Will 2017 be the year of uncertainty for Indian markets?
The uneasy mix of ambiguity and fear in the stock markets
Eternal optimists among stock market analysts and fund managers will not tell you, but the state of Indian economy and the markets can be best described based on what Winston Churchill once described Russia as a "riddle wrapped in a mystery inside an enigma". Popular market index, the Nifty and the Sensex ended the year rather flat with 3 per cent and 2 per cent growth respectively. In comparison, both the indices were in the red in 2015.
The signs are ominous this year on back of the impact of demonetisation in the last quarter of calendar 2016. Yes, the emerging market tag makes India an attractive investment destination, but it also makes us highly vulnerable to any policy changes or indications of the same.
What the last few months have done is taken away some of the uncertainty psychosis and instead introduced fear psychosis too. But, for a large base of small investors, the reducing interest rates, more than average inflation and tepid equity returns in the past two years has resulted in heightened fear, which is not conducive for them. The recent push towards consumption is a wishful thinking, but it is unlikely to increase consumption or bring in new investments. The combination of fear and uncertainty will affect any chances of an early economic revival.
Source of fear
A lot of events are simultaneously occurring to measure a clear impact of their collective play. The GST is yet to roll out and how it will impact the economy is yet to be seen. The political developments from the time the GST bill was passed to the meeting of the GST council are yet to settle for a clear roadmap on the GST.
Any talks of change in taxes – income and corporate immediately impacts the stock markets and investor psyche. Although a lower tax regime is welcome, rumours of tax scrutiny and harassment from the tax department are all scary for investors to commit money. Any change to the current tax treatment of long and short-term capital gains can spook the stock markets into a tailspin.
Scandals and succession issues adversely impact market sentiments. The listing of the NSE and the BSE are up close and certainty. However, the exit of former NSE chief Chitra Ramkrishna in haste has left people with more doubts on the working of the exchange. The succession plan or the lack of it at most corporate houses is a cause of worry. One witnessed the re-entry of N R Narayana Murthy at Infosys a few years ago and what it did to investor wealth in the company. We are witnessing a similar incident with the Tata group.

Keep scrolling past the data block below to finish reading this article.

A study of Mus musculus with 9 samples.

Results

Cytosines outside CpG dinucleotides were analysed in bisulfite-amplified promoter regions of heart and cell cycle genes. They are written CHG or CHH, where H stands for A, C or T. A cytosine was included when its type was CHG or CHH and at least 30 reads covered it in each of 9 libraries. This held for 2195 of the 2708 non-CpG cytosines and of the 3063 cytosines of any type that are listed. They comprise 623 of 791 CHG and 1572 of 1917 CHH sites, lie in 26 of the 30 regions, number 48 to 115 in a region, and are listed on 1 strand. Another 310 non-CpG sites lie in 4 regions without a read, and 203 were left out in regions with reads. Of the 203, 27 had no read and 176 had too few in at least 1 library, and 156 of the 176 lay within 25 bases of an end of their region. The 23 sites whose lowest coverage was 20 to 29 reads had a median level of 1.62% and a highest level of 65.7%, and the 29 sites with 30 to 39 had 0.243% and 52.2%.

There are several large and important states that go into election from UP, Punjab and Goa this year. Political uncertainty does impact stock markets and there is nothing hidden about how important these state elections are midway into the rule of the BJP-lead central government. We are months from the change of guard at SEBI, which will see a new chief make way for U K Sinha, who had a long stint which was uneventful in rocking the markets. There
Of course, everybody knows that in the long term, stock prices will rebound. The economy will turnaround because of the reforms and check on leakages in it. But the big question is: how much time will it take or how long is the long term? Nobody has a clear answer. Several sectors of the economy have already been badly impact – manufacturing, automobile and tourism are those that are suffering.
Promises of government spending to boost the economy are yet to show, interest rates are yet to fall to levels that corporate India can confidently get into expanding. The government has made several provisions and announced action plan to get things on track. If most of them are fulfilled, the economy will emerge out of the uncertainty with only a few bruises. Or else be prepared for the worst that could hit us.
For small investors, the writing on the wall is clear – you cannot avoid investing in equities despite the risks associated. Their patience will be tested, but they should not lose faith in the stock markets. Stick to simple facts on which the stock markets work – buy low, sell high. And, when you don’t know, hold on and sit tight. The role of the eternally optimistic stock market analysts and fund managers should be appreciate, especially the way they see a positive outcome with any move that impacts the markets.